Long Walks, Winter Fun, and Holiday Bonding


Over the weekend Michael and I took two nice long walks. It was  a lot of fun! There was no snow on the ground, we both had energy to burn after eating massive amounts of food at our two Christmas celebrations, and we needed something to do to pass the time as no snow had fallen for building snowmen and going sledding. 🙂

We walked on Michael’s favorite big stretch of a busy street on the first day and then on to a nearby park, and on the second day we just did a shorter walk around the neighborhood. On our walks is where I learn so much of what is going on in Michael’s head. The other time is at bedtime usually, when he opens up about his hopes and fears. On these walks, I heard about the usual things he was excited about; holiday lunches, his birthday presents, going skating (which we finally did yesterday),  and future play dates. I also heard something new though. He spoke about feeling overloaded with thoughts and emotions sometimes,  on difficulties interacting with his cousins who are neuro typical, and getting up early as it was his vacation and fun time. He also was happy in expressing his excitement about the activities we planned as a family and at other times did not shy away from telling me he loved me. It was all very sweet and I stayed in the present with him, in the moment. It’s the best place to be when you are with a child or with anybody really. 🙂

Michael is an amazing little boy who is learning how to talk about his emotions and deal with very real feelings of happiness, sadness and confusion. He is learning how to channel some of his energy into physical activity, do creative pretend play on his own again, and play with the many wonderful toys and games he received as gifts for both Christmas and his birthday. Michael is growing up, expressing his wants and needs in a way and letting me and his father know what he needs. Sometimes this comes out in a an angry way, but more often than not, he is expressing himself in a happy and positive way, or telling me about his excitement or disappointment in a way that I can at least try and help fix or address the issue. I am proud of my little boy and know I am doing all to help him be the best he can be. His Dad and I are communicating better about how to parent him, and being honest when we make mistakes. After all, most parents have moments when they mess up once in awhile. If we can show our child that these are learning opportunities for us as well as for them, we are all on the right path.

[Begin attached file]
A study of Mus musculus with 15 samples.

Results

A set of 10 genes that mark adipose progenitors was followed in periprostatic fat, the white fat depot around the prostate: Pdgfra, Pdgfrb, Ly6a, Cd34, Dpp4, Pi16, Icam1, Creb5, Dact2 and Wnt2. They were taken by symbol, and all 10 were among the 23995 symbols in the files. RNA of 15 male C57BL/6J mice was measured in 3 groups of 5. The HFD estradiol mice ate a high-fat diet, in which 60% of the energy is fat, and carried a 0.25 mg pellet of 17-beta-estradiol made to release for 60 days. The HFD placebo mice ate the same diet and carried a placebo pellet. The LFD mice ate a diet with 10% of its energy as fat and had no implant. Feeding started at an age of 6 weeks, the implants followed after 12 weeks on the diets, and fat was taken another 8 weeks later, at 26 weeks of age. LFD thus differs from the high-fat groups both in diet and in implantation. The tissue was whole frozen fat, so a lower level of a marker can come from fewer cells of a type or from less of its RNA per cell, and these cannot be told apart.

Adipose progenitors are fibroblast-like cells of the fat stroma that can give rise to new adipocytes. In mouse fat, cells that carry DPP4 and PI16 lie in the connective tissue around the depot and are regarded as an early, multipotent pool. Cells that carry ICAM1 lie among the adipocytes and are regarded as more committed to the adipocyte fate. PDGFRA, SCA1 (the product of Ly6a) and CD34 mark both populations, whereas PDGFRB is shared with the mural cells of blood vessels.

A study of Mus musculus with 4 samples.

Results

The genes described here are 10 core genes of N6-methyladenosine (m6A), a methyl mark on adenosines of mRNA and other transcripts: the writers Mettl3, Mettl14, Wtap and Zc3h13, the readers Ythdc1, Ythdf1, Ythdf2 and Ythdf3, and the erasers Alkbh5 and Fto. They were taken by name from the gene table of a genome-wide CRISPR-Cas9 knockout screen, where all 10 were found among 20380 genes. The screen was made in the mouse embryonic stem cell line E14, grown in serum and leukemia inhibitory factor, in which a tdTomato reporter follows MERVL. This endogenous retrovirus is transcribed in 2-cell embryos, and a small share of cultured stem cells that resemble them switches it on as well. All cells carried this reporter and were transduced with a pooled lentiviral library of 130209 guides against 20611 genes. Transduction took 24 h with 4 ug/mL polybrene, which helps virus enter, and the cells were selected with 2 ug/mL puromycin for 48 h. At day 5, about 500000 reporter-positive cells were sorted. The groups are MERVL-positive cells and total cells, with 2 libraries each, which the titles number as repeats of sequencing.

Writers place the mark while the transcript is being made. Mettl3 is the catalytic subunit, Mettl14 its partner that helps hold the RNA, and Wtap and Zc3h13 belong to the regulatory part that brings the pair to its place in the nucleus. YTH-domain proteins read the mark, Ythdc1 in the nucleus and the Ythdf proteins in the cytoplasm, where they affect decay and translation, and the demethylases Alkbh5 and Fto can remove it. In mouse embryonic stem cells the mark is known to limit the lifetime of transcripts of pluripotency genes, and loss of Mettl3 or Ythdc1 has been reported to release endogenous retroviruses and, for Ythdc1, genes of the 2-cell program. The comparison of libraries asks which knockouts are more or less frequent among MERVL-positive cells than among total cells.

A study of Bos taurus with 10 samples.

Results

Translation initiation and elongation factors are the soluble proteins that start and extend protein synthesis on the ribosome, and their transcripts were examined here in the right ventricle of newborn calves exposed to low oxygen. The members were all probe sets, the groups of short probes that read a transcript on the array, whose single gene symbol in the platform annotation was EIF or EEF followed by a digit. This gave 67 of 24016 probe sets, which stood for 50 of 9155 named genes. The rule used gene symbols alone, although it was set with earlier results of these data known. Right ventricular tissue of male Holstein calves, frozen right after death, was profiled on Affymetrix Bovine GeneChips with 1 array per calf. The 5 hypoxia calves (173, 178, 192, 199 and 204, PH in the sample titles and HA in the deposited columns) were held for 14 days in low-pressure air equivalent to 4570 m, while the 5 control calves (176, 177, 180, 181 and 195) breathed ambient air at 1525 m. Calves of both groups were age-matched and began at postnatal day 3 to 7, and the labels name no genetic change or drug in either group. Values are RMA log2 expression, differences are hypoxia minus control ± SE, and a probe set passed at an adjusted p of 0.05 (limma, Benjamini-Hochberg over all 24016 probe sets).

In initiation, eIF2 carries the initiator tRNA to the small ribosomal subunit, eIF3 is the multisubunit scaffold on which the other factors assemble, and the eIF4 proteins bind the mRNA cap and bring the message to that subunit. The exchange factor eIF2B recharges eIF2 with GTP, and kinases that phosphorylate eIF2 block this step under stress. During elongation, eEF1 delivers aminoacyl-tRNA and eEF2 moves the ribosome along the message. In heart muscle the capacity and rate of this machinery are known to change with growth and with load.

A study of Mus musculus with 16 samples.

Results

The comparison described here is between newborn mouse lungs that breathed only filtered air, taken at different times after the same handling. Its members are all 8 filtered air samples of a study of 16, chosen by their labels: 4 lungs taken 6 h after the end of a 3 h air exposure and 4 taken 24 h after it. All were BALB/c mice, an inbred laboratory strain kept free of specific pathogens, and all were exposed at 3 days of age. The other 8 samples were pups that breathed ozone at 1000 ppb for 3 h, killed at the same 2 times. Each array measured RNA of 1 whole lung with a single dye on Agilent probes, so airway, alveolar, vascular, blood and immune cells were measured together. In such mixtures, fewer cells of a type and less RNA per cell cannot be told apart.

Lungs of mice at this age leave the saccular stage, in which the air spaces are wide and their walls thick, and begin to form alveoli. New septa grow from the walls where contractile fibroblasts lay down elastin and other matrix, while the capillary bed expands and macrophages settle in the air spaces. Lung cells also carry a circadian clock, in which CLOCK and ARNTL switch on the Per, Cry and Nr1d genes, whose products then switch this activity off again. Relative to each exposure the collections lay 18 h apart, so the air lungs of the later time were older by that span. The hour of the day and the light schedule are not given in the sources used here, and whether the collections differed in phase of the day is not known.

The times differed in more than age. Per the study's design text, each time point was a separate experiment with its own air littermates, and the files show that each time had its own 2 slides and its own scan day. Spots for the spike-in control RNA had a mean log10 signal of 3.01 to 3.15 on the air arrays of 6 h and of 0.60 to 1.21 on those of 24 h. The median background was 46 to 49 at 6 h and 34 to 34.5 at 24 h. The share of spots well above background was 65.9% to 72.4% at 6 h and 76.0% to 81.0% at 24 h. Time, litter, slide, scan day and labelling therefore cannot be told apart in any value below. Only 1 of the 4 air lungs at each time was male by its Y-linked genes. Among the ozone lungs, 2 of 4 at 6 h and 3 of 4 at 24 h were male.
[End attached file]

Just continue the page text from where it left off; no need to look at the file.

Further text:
Exceptional Parents, what are the moments when your Exceptional Children have most opened up to you? Is it on walks, at bedtime, doing chores? When have you both had teachable moments? I think that all of us, kids and adults, learn from each other all time, and that as long as we keep an open mind and heart, activities like walks, outings and simple times we simply just talk to one another, can be great moments of learning and growing for each of us. Here’s to you and your child having many more of those moments in the soon to be new year. Until next time.